Legalised Online Gambling Still a No-No in Dubai

21 May 2018, by Shihaam Isaacs

Legalised Online Gambling Still a No-No in Dubai

Dubai is seen as one of the prosperous modern cities in the world. An opulent jewel that seemingly sprang out of the hot desert sand, much like Las Vegas. Both cities overcame massive geographical and physical hurdles to become the most visited destinations on the planet, yet the two couldn’t be ideologically further apart.

Dubai is part of the UAE or United Arab Emirates and, despite being seen as one of the most advanced and moderate Arab countries within the middle east, and allowing some of the most prominent hotel and casino brands in the world to set up shop, still follows certain strict Muslim traditions and laws.

Issam Kazim, Dubai’s Department of Tourism and Commerce Marketing chief executive officer, announced in a recent statement that Dubai had no official plans to legalise gambling in the country. The announcement may have come as a surprise to some observers, especially when one considers that three of the biggest hotel and casino chains in the world, namely Bellagio, Caesars Entertainment Corp, and MGM Resorts International are all set to launch brand new billion-dollar resorts in Dubai.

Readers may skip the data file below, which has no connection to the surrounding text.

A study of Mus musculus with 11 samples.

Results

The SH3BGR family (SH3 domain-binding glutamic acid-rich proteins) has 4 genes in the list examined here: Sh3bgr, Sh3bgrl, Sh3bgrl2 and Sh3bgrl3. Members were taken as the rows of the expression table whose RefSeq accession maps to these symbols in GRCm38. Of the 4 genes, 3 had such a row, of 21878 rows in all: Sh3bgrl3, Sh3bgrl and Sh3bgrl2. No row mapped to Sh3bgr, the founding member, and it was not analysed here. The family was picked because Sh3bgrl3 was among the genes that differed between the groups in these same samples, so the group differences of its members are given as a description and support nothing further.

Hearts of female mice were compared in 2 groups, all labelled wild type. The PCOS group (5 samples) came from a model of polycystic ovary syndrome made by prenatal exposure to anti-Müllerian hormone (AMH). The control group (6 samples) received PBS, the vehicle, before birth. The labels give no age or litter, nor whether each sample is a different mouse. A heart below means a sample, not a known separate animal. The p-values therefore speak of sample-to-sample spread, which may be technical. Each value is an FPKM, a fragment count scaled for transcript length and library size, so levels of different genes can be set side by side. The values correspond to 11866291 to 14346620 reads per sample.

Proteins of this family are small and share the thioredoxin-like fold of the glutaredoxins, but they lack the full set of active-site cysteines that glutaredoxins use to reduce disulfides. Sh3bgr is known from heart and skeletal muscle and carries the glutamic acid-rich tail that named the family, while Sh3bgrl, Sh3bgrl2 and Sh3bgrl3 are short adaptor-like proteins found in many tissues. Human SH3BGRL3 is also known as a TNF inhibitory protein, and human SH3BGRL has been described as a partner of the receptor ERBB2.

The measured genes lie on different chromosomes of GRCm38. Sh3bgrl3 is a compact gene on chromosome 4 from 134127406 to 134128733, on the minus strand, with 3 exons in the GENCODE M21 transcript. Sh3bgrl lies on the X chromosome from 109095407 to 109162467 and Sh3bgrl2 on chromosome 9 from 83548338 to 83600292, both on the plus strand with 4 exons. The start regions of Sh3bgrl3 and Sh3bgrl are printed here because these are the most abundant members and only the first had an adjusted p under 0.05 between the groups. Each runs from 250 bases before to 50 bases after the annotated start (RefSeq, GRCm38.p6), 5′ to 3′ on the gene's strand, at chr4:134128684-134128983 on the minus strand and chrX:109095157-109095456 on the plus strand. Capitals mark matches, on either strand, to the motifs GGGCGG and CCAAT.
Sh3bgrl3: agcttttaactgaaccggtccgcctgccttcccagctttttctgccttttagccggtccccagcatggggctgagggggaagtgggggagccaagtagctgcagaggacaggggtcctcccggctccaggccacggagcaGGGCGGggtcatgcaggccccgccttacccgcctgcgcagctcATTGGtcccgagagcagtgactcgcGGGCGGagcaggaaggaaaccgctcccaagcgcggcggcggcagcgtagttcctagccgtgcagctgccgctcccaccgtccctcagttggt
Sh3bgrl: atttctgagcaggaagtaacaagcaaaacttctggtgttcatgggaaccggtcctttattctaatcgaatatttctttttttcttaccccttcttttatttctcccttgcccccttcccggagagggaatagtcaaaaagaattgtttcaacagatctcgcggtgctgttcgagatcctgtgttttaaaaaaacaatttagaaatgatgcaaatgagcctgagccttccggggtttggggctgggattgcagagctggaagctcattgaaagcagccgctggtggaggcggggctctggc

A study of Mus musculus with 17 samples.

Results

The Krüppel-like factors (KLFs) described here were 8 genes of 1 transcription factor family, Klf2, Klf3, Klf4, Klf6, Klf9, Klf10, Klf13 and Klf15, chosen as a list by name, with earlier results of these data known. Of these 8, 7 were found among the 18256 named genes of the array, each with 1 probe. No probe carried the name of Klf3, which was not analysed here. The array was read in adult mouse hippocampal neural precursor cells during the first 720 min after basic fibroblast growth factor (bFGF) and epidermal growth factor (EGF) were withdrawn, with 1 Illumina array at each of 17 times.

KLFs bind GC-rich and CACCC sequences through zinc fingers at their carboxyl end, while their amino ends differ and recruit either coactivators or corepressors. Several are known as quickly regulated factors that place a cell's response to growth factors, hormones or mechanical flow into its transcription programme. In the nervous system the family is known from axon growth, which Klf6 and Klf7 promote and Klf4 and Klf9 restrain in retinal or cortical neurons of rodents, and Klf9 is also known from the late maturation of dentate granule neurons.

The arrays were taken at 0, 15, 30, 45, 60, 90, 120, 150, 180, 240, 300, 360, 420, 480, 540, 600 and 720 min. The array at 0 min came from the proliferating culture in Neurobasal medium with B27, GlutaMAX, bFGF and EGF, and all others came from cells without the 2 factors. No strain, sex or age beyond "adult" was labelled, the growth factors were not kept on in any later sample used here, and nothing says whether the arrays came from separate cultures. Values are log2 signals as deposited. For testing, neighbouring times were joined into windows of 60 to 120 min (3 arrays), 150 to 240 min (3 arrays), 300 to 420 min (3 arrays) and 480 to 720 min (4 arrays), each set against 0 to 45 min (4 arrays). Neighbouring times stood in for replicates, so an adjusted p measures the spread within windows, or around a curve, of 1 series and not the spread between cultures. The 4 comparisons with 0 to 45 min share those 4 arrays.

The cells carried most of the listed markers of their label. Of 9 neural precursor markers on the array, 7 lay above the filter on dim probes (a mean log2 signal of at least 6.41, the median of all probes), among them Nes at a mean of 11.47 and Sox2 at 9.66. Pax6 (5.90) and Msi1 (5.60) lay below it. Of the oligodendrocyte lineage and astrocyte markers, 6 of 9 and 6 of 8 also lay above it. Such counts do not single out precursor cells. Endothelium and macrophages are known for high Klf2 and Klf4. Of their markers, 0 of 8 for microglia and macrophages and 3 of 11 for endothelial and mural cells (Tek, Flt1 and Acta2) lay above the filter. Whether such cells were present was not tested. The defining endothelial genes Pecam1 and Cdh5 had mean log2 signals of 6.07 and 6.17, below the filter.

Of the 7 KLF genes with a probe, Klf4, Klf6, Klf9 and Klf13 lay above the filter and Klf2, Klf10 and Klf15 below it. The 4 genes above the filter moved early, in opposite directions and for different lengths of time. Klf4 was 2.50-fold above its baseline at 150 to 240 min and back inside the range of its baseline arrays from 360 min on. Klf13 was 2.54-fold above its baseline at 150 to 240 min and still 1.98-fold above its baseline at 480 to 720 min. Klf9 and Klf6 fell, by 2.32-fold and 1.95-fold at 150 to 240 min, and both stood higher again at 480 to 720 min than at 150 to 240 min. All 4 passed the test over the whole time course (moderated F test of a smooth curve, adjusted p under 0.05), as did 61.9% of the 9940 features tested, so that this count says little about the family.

Tradition versus Vegas

While the MGM, Caesars Palace and Bellagio are all known the world over for their casino and hotel facilities, in Dubai all three will be noted for a complete absence of the former.

According to Kazim, Dubai, and the UAE as a whole, is determined to keep certain Muslim traditions and values alive which includes not allowing any form of gambling on UAE soil. Kazim went on to reiterate that certain cultural practices and aspects were very sacred to the UAE nation, which includes betting or gambling for money, a practice forbidden in Islam.

Perhaps rather interestingly, even though traditional Islam forbids gambling for money, there always seem to be exceptions to the rule. Among the most notable exceptions, one can find casino gambling permitted in predominantly Muslim countries of Egypt, Tunisia, and further afield, in Malaysia.

What the future holds

So far Caesars Entertainment are planning on opening ‘several’ venues in Dubai which include a beach resort as well as two hotels at the Bluewaters Island development. According to Caesars president and CEO of Caesars Entertainment, Mark Frissora, the Bluewaters Island development is set to become the regions premier destination for entertainment, hospitality and dining, through their cooperation with Meeras.

Abdulla Al Habbai, chairman of the Meeras Group, however, reiterated the groups “dedicated to implementing the vision of our wise leadership and consolidating Dubai’s status as a global tourist destination in line with the Dubai Tourism Vision 2020.” In other words, it seems the current move by the biggest brand names in US casino resorts will go a long way in achieving Dubai’s goals. By 2020, the UAE, and specifically Dubai, hope to attract over 20 million visitors, even if it does not include the casino component for which they are all famed.